The purpose of this article is to analyse the alleged non-compliance of Namibia with the United Nations Security Council sanction resolutions against North Korea using the Constitution of the Republic of Namibia as the framework.
It is also to suggest conditions that should exist for Namibia to manage similar future occurrences in an intelligent manner. Events in global affairs are dynamic and sometimes fluid, hence the need for states, especially in the era of advancements in information and communication technologies to timely analyse, describe and predict their implications.
The objective is not to be found wanting, as it seems to have been the case with the alleged non-compliance. The United Nations Security Council has passed +- 24 resolutions against North Korea since the 1950s. Most of these resolutions focus on maintenance of international peace and security. The expected outcome in most instances is to urge North Korea to denuclearise and thus refrain from further nuclear and missile tests. The analysis is not about the moral consistency of the UN Security Council in applying sanctions being conscious of global power relations and state interests. It is about whether the Namibian Government could have managed the response to the alleged non-compliance in a more sophisticated manner.
The main question that arises is: What is the implication of the allegation and the way in which it was handled on Namibia’s reputation, moral and ethical standing among the Nations of the world? In attempting to answer this question, it is important to be conscious that the Namibian State is founded upon the principles of democracy, the rule of law and justice for all. In my view, a state founded upon the principle of the rule of law should not be constantly found to be inconsistent in its national and international practices regarding this fundamental principle. Secondly, the Namibian Constitution under principles of State Policy, and with particular reference to foreign relations obliges the State to endeavour to promote international cooperation, peace and security, and to foster respect for international law and treaty obligations. It will be inconsistent with these principles, if it would be evidently established that Namibia has not complied with UN Security Council resolutions. It is important to recall that sanctions against North Korea are not new. The UN Security Council in October 2006 under S/RES/1874 for example, expressed concern over North Korea’s 2006 nuclear test.
The Council therefore, imposed sanctions and set up the UN Security Council Sanctions Committee on North Korea and a Panel of Experts to support the Committee. Against this background, it is a reasonable expectation that staff members at the Ministry of International Relations and Cooperation who are trained to analyse, describe and anticipate global events ought to have alerted policymakers about what is coming to enable them to respond intelligently. The explanation that we seem to rely on that Namibia has terminated its contracts with Korea Mining Development Trading Corporation and Mansudae Overseas Projects is not good enough.
The use of the term ‘’terminated’’ suggests that the State has entered into these contracts. The question is when those contracts were entered into and whether background checks have been done before concluding them. The other fundamental question is whether it was evidently established at that time that no Namibian company can do the job. One of the contradictions is that Africa wants to stop illicit financial capital outflows, but at the same time facilitates it by giving major projects that could be done by nationals to international companies. There are three main lessons that we should learn from the alleged non-compliance.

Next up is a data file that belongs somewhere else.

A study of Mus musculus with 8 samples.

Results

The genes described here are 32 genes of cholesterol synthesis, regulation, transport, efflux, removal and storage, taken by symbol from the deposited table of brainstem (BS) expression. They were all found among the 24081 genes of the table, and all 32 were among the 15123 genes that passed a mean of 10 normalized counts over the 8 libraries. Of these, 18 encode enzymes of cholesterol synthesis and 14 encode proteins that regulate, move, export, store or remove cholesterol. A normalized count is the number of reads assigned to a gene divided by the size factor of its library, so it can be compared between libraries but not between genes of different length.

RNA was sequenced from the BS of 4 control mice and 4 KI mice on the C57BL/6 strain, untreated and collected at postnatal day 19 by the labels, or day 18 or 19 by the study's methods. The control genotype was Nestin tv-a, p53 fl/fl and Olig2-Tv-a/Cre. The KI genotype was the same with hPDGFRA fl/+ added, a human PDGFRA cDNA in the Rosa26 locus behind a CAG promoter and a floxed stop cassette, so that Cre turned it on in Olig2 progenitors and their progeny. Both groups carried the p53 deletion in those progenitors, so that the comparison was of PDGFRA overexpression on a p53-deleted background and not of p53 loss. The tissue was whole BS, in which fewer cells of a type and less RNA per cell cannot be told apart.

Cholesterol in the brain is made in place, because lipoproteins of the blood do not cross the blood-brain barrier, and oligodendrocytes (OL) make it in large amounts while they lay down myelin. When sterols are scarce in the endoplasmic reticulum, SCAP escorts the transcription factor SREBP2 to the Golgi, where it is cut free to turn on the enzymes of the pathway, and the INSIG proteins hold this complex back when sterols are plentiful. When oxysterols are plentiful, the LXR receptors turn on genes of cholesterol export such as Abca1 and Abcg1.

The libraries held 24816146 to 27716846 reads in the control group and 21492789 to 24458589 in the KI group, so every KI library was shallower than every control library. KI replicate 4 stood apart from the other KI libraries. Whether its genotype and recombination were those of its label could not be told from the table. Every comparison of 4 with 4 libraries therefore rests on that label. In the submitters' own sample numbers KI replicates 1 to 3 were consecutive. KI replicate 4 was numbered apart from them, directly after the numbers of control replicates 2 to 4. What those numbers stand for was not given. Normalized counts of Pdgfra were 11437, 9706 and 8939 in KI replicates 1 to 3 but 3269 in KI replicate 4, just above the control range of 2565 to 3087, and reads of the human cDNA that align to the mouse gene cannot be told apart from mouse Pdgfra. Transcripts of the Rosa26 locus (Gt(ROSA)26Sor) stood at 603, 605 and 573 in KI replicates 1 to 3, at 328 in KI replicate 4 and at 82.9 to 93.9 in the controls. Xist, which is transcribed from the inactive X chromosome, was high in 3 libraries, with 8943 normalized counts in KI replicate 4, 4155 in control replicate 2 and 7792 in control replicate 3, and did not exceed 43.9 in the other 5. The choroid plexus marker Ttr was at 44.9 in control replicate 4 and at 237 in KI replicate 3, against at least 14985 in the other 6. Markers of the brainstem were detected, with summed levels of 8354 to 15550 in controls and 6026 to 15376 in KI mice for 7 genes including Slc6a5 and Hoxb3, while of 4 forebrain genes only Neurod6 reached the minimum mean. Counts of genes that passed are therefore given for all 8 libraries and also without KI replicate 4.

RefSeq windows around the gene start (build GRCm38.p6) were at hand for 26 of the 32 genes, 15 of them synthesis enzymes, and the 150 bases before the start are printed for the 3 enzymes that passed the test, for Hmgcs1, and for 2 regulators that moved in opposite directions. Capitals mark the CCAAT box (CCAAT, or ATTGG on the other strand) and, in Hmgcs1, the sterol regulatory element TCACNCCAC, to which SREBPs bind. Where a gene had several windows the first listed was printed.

Firstly, it is the need to professionalise the public sector. Secondly, the importance of a culture of coordination and proactive communication in government. Thirdly, the realisation that we are managing a modern state, and knowledge application, especially in the era of information and communication technologies are enablers. Staff members in ministries of foreign affairs are trained to daily follow global events with the view to interpret and predict their implications on their national interests.
This is one of the reasons why desk officers are assigned to manage bilateral and multilateral relations. The alleged non-compliance seems to suggest that our staff members are not doing what they ought to do, hence the need to professionalise the public sector in terms of knowledge, skills, values, attitudes and behaviour. Coordination and coherent communication in the Namibian Government have been and remain areas of great concern. We continue to operate in compartments when collaboration and teamwork are the future functional values. As a result, government is reactive and continue to speak inconsistently in matters that require thought through responses. In this case, it is obvious that the Ministry of Defence and other ministries have not been talking to each other.
The Ministry of International Relations has to manage the after effects, but should have advised properly, if involved at the early stages. Finally, we are in the information and communication revolution era. The implication is that information is at our fingertips. You do not need to travel to obtain the information. The assertion that we have invited the Committee of Experts to visit Namibia is a Stone Age argument, as they do not need to be physically present to obtain the information.